State of the Planet

News from the Columbia Climate School

Workshop Explores How to Make Trucks Electric and Autonomous

freight truck driving on road
Freight trucks consume 17 percent of the global oil demand, generating tons of greenhouse gas and air pollution emissions in the process. Could electrification help? Photo: Benchill/Wikimedia Commons

By Marianne Kah

Freight movement is an important enabler of economic activity. We saw substantial growth in freight movement in industrialized countries over the last three decades, and growth is accelerating in emerging markets with the rise in demand for consumer and industrial goods. Global road transportation of freight is also a large consumer of energy as well as an emitter of air pollutants and greenhouse gases.

Trucks accounted for about 16 million barrels per day, or 17 percent of global oil demand in 2017, and are projected to be responsible for nearly one-third of global oil demand growth by 2040. Diesel fuel consumption in road transport has grown a staggering eightfold since 1970.

Road freight vehicle greenhouse gas emissions are currently three gigatonnes of CO2-equivalent and are projected to more than double by 2050. The bulk of greenhouse gas emissions and growth are for heavy-duty vehicles, which travel substantially more miles than smaller trucks and use more fuel per mile. Road freight vehicles are also important contributors to NOx, fine particulates, and SO2 emissions. Air pollution is the single greatest environmental health risk, accounting for one in eight deaths globally.

Despite these energy use and environmental challenges, road freight transport has not received the same policy attention as passenger cars. For example, only four countries have historically had fuel efficiency standards for medium- or heavy-duty trucks, while 80 percent of light-duty vehicle sales are covered by fuel efficiency standards. A recent workshop at Columbia University explored the potential for electrification to reduce oil consumption and emissions of greenhouse gases and air pollutants in trucks. Given the larger size and greater distances traveled by medium- and heavy-duty trucks versus passenger vehicles, and the higher cost and weight of the batteries than of conventional engines, it will likely be more challenging to electrify large trucks than light-duty vehicles.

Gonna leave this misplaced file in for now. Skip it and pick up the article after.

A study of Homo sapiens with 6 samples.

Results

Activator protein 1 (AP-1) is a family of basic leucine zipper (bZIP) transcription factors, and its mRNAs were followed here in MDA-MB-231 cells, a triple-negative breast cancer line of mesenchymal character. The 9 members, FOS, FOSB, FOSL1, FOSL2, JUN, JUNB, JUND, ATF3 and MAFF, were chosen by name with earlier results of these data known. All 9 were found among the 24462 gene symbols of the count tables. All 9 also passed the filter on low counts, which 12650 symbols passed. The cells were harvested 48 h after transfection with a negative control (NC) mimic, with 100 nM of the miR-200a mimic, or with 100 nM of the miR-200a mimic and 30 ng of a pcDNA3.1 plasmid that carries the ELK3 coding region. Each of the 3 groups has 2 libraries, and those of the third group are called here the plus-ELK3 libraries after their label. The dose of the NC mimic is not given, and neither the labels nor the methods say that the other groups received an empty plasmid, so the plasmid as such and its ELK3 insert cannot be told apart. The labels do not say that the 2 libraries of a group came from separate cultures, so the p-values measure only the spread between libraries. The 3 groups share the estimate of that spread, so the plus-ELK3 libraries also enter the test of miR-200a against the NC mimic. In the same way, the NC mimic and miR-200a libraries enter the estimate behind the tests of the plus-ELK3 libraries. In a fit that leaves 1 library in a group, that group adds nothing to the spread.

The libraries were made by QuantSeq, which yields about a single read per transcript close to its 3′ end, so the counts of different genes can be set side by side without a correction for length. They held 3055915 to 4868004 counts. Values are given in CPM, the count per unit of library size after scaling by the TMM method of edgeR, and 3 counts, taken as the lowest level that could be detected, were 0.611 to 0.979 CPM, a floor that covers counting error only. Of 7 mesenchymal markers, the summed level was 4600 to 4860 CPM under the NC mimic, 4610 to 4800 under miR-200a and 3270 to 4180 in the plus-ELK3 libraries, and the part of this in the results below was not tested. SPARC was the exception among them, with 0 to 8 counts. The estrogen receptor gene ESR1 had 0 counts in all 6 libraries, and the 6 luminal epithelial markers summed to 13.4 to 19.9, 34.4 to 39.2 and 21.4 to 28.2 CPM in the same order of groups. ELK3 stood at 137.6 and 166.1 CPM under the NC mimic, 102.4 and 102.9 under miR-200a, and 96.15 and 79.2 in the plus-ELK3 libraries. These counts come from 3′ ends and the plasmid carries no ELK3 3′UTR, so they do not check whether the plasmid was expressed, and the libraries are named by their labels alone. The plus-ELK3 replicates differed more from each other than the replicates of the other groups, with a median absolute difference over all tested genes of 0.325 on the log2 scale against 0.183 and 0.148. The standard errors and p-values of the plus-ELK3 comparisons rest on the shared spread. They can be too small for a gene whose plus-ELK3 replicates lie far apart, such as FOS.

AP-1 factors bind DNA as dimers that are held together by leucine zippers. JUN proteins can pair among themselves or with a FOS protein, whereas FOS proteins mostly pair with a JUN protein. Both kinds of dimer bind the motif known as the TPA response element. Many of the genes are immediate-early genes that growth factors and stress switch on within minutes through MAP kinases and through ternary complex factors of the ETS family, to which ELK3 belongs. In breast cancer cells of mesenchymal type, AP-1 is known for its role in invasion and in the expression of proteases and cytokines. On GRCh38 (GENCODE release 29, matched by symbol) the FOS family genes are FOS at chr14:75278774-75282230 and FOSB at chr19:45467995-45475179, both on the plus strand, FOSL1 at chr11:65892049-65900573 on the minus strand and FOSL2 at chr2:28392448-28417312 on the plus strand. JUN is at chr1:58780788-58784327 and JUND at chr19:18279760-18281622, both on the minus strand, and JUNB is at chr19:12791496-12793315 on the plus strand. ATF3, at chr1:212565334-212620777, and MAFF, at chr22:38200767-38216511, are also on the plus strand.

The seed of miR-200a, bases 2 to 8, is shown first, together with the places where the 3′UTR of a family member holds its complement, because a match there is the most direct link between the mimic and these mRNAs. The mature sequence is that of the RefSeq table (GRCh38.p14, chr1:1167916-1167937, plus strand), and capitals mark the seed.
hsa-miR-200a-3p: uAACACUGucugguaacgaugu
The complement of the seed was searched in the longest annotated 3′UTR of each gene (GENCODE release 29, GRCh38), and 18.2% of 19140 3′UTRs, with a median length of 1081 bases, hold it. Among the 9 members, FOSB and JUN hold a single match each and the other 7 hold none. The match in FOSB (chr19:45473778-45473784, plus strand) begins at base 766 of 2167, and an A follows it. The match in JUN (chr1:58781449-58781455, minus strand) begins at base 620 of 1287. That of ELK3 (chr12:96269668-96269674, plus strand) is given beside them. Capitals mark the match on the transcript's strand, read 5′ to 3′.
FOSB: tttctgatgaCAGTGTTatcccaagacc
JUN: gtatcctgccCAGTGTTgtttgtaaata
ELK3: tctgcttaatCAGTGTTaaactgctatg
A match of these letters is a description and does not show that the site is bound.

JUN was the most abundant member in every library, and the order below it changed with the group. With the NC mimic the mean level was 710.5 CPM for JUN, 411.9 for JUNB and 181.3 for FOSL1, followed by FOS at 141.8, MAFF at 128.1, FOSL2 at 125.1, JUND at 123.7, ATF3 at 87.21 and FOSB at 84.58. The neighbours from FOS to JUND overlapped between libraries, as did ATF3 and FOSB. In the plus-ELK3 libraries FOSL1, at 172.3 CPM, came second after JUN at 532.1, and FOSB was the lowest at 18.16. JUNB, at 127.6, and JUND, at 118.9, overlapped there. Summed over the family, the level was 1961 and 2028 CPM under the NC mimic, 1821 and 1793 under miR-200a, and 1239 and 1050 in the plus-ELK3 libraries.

On February 19, 2019, Columbia University’s Center on Global Energy Policy, in collaboration with the Institute of Transportation Studies at the University of California, Davis, held a workshop focused on the prospects for global truck electrification and automation and the development of new urban delivery models along with the potential energy demand impacts. Participants included experts from truck, engine, and battery manufacturers; oil companies; clean transportation NGOs; US federal government agencies and national labs; city government; the financial community; and transportation researchers from the academic community.

The workshop focused on new urban freight delivery models as well as on medium and heavy-duty truck electrification and automation. It also looked at prospects for electrification in buses. There was a special focus on China given that it is one of the largest growth areas for road freight activity in the coming decades. The workshop also assessed the energy and oil demand impacts of electrification and automation in the global trucking sector. It also explored the use of hydrogen fuel cells as an alternative to battery electrification for heavy-duty vehicles. Finally, the workshop addressed the government policies that would be needed to support truck electrification.

Read about the workshop’s findings and insights on the Center on Global Energy Policy website.

4 years ago

Great article! I hope one day the most of cars on the road will be autonomous. It will help to avoid many accidents. In many of european countries a lot of people lost their life on the roads every year. The problem exists espiecially in Eeast Europe. New technology can be very helpful.